Thursday, August 21, 2008

A Visit to the Mosque

I’d never been to a mosque before. It was the 6th Annual Open Mosque Day for the Islamic Society of Orange County – an event to promote a correct awareness of the Islamic faith. With the rise of public opinions informed and sponsored by the news media, I jumped at the chance to go with my cousin, Elliott.

With friendly welcomes and greetings, we removed our shoes and entered the prayer room. It was a large room where rows of individuals would face the front and prostrate themselves in prayer. A number were already gathered for the afternoon prayer observation. We were invited to sit while some were finishing their prayers. As I watched, I felt a reverence that was very familiar to me. I also felt a peaceful calm. I wanted to pray with them, and not just in my heart.

After the prayer observation, we listened to a few presentations and the Q&A that followed. We were then invited to eat food they had prepared for the occasion. It was delicious. My regret is that I no longer remember the names of the dishes they had prepared for their guests.

My experience gave me much to ponder, both there and long after we left. I reflected on the beautiful modesty of the Hijab the women wore. I noted the friendly handshake I had received from many of the men. I felt greatly impressed by their kindness.

Certainly there were some differences between their faith and mine, but I found there was much more we shared in common. Somehow, the differences didn’t seem to stand in the way of feelings I felt in my heart. I felt that we are truly brothers and sisters worshiping the same God. Their reverence and submission was inspiring. If anything, I realized there were some ways in which they were better at living my religion than I am.

Among the several lessons I learned in my brief visit, the blessing of prayer is one that was reaffirmed in my mind. I couldn’t help but feel the love of God as I watched others offer prayers to him. Some prayers may more closely resemble recitation than conversation, but I truly believe that God answers those who earnestly seek him.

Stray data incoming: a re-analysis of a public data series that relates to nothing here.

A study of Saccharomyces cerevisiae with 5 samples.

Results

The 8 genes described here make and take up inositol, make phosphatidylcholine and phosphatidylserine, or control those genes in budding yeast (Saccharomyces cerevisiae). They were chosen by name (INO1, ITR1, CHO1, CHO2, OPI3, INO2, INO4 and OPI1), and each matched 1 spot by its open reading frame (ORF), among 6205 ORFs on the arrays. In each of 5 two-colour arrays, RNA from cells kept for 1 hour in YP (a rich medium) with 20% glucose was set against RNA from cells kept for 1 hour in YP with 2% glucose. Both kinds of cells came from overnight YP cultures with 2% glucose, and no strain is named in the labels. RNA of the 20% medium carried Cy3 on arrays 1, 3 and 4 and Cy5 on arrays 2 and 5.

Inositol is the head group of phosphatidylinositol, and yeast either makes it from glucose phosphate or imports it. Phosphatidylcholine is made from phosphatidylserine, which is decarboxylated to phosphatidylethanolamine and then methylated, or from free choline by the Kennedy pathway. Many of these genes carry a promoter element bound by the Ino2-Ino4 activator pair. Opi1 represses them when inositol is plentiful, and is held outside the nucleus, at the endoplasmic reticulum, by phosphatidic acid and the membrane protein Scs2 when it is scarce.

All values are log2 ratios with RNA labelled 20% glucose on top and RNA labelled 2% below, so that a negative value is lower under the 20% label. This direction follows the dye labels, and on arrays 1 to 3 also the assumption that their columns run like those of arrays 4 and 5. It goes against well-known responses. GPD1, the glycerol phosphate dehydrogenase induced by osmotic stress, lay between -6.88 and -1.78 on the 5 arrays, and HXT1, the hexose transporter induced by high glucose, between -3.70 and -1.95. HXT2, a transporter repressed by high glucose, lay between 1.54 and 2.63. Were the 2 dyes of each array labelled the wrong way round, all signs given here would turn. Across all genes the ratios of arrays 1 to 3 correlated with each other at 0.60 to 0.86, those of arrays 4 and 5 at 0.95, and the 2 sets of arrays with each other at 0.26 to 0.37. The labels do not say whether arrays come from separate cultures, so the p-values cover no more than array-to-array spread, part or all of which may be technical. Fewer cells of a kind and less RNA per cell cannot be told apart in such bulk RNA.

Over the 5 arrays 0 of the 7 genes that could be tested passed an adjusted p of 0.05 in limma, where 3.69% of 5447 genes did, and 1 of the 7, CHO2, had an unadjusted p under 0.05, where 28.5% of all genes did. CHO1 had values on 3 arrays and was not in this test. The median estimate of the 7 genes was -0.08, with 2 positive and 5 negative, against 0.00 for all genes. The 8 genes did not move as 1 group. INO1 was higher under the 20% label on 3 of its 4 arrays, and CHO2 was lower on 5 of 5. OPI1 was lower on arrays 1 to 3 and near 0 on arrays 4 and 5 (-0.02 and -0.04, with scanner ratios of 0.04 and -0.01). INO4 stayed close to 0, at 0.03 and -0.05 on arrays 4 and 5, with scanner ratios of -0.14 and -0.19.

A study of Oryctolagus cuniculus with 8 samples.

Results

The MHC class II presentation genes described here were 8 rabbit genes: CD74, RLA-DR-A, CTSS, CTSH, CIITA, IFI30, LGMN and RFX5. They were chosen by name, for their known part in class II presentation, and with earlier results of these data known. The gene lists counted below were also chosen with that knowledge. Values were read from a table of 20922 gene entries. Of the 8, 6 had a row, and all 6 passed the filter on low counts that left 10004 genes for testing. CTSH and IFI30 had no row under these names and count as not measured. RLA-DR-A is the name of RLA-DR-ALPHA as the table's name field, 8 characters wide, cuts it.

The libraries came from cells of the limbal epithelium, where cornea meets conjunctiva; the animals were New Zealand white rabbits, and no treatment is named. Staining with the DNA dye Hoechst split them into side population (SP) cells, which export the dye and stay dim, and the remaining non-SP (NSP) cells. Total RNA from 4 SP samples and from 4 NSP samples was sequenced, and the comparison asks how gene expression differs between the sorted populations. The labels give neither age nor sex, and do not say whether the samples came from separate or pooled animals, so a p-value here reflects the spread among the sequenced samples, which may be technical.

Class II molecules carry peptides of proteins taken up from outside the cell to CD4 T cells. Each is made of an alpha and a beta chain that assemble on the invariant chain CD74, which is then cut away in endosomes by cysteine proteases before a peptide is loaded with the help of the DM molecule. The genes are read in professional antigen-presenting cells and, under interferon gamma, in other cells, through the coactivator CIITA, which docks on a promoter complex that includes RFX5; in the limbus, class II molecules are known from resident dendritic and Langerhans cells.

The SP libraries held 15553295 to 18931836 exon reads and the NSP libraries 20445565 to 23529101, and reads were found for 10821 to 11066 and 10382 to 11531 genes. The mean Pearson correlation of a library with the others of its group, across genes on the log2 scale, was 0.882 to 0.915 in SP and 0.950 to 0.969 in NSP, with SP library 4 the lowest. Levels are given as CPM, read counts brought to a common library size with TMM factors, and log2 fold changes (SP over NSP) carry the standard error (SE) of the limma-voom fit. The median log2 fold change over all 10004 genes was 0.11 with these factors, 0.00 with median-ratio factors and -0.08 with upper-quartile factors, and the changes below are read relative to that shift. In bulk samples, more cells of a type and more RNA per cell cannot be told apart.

I look at my own life, and I can without hesitation say that God answers my prayers daily – not just generally, but specific answers that make it clear someone is helping me. Clearly the Christian scripture teaches, “Ask and ye shall receive,” because Father will give good things to His children who ask Him.

During the times in my life when I am least selfish, and most focused on helping other people, I feel closest to Father. I feel Him guiding my footsteps and filling my heart with peace and happiness. It is during those times that I feel closer to Him in prayer, and I feel that He answers my prayers with greater rapidity.

I feel blessed to have visited the mosque this last Sunday. I am strengthened by others’ careful practice of prayer. More so now I am inclined to ask myself, “Am I as diligent as I can be in my personal prayer? How can I be more submissive, more grateful, and more sincere?”

Thank you, my brothers of another faith. As I was greeted, “Assalamu Alaikum.” Or in English, “Peace be upon you.”

For more information about the Islamic Society of Orange County, visit

No comments:

This is not an official publication of The Church of Jesus Christ of Latter-day Saints. I am solely responsible for the views expressed here.